The Tango Singer on the Sidewalk



A song on a sidewalk is different than a song sung inside a theater.

These stories carry extra weight in a city as nostalgic as Buenos Aires. It is no wonder that events from the past repeat themselves in the future, which is now. In tango, there is such a deep affection for what happened before that over and over we seek to recreate those lost moments.

It is a treacherous endeavor. As we all know, “There is no there there.” Those who are lost in the past will get stuck and won’t be able to find their way back while those who shun the past and leap blindly into the future will find themselves naked and rootless, praying to false gods. However, those who love the past but love the present just as much may be blessed to create something of new beauty in their time.

It is Saturday night. Summer in Buenos Aires. People are dancing in the streets, sweating, laughing, playing. From tables on the sidewalk women dangle their sparkling tango shoes like bait – though this asphalt milonga is better served by sneakers. There are not enough chairs; most people are standing. Beer bottles are sweating on the ground, regularly getting knocked over.

But everyone is happy, greeting old friends, some of whom they saw just the night before. Buenos Aires is like that.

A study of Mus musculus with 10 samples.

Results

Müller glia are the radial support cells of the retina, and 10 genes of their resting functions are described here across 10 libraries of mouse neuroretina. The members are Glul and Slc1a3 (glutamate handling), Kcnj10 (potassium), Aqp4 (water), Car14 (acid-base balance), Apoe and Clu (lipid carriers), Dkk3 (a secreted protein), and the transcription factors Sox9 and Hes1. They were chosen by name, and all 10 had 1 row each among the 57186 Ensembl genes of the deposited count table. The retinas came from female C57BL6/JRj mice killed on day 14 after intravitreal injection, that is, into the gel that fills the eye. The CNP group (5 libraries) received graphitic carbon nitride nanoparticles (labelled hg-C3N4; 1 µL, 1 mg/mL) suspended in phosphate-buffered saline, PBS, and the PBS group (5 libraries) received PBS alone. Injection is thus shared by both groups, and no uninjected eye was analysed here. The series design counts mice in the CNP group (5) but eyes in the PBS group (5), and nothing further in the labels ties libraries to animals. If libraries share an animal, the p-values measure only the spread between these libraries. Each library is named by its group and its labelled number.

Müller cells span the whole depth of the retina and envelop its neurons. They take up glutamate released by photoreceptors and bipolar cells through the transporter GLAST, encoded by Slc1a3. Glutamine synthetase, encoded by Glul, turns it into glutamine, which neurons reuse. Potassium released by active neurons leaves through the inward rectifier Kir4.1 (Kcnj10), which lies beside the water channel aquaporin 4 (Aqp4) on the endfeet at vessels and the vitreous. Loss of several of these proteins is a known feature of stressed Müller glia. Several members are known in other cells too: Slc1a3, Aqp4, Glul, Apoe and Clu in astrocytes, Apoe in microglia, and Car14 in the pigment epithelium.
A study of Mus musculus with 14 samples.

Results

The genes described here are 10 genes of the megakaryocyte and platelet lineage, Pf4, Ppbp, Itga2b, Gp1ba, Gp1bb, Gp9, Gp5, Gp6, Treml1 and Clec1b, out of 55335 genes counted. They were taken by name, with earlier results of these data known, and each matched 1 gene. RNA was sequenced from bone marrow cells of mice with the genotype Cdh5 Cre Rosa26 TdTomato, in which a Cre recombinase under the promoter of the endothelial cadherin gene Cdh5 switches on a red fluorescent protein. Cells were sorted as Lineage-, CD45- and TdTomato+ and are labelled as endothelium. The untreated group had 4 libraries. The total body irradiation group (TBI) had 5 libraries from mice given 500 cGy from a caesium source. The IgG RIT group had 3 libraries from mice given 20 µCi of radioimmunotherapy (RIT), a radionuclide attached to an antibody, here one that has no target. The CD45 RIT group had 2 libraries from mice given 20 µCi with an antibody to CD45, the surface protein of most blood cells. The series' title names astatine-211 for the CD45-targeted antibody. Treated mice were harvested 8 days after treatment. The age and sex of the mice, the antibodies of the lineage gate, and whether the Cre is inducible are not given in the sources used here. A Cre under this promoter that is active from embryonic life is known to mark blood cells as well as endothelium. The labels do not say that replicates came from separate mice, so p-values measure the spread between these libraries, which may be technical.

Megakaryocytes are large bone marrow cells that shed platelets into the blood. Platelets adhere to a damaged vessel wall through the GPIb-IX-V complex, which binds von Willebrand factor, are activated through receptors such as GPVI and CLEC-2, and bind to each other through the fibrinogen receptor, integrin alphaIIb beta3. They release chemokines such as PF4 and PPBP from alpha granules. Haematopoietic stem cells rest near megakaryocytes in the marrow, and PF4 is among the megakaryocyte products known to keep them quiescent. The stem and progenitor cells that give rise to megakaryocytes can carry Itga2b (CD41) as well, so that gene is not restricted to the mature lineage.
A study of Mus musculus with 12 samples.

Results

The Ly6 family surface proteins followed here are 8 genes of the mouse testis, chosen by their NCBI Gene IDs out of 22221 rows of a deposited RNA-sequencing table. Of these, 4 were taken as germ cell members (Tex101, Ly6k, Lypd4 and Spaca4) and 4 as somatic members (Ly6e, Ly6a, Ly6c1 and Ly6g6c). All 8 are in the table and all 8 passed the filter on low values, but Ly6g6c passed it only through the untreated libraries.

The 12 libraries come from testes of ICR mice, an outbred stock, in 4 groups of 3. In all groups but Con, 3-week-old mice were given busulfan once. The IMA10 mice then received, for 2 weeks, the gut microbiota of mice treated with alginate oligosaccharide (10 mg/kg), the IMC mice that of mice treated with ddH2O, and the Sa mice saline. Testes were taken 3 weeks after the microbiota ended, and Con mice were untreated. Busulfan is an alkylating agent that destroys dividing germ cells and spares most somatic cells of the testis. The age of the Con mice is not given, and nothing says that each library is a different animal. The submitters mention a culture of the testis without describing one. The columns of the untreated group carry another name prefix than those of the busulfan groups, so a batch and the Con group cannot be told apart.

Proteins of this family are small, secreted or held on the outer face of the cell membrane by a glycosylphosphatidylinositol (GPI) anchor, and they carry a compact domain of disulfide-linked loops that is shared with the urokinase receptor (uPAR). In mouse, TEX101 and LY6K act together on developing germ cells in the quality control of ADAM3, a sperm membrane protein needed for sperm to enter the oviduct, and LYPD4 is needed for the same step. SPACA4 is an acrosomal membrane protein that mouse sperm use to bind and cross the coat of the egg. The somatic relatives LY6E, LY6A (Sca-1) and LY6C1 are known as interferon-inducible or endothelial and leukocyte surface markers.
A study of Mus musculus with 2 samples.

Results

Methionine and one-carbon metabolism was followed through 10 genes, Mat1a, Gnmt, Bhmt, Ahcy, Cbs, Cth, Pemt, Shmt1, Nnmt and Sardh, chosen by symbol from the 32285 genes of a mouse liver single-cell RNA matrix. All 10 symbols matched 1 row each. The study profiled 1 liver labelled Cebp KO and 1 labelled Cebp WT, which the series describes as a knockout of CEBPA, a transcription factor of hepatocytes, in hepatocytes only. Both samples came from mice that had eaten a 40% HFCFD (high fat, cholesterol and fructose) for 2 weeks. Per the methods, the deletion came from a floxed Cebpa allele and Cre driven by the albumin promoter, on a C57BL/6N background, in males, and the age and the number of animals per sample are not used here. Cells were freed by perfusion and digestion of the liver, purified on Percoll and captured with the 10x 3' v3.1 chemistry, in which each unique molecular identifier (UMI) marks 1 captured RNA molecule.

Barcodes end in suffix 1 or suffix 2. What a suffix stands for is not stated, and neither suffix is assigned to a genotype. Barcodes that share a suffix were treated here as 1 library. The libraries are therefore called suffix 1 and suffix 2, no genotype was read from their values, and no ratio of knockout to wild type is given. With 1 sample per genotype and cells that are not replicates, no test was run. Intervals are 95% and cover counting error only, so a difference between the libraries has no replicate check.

The tango embrace is wider today. While most couples on the street tonight are formed of men with women, there are also women dancing with women, men dancing with men and dancers changing roles back and forth. Gone is the stodgy, macho tango of the past. In its place is growing a freer and more playful thing.

The band is shaggy and tattooed but they play tango. Cucuza takes the stage – which is the sidewalk – in his sneakers. He wears a broad tie but no jacket and his shirt bears the patch of his favorite soccer team sown, where it should be, over his heart. He sings the music of Buenos Aires in his high-pitched voice like a good-natured kid from the neighborhood singing favorite songs among friends.

It is incredible but we got here. We – all of us who love tango deeply – have created this moment. It is an act of collective dreaming that today tango which by all rights should be lying quietly in its grave or in a museum is instead throbbing in the night, creating moments of unspeakable beauty and changing lives.

Of course there are protagonists whose names while be written in books but their role is no more or less important than a solitary tango lover in Portland or Shanghai dreaming of one day getting to Buenos Aires.

Somehow, together and against all odds, we did this.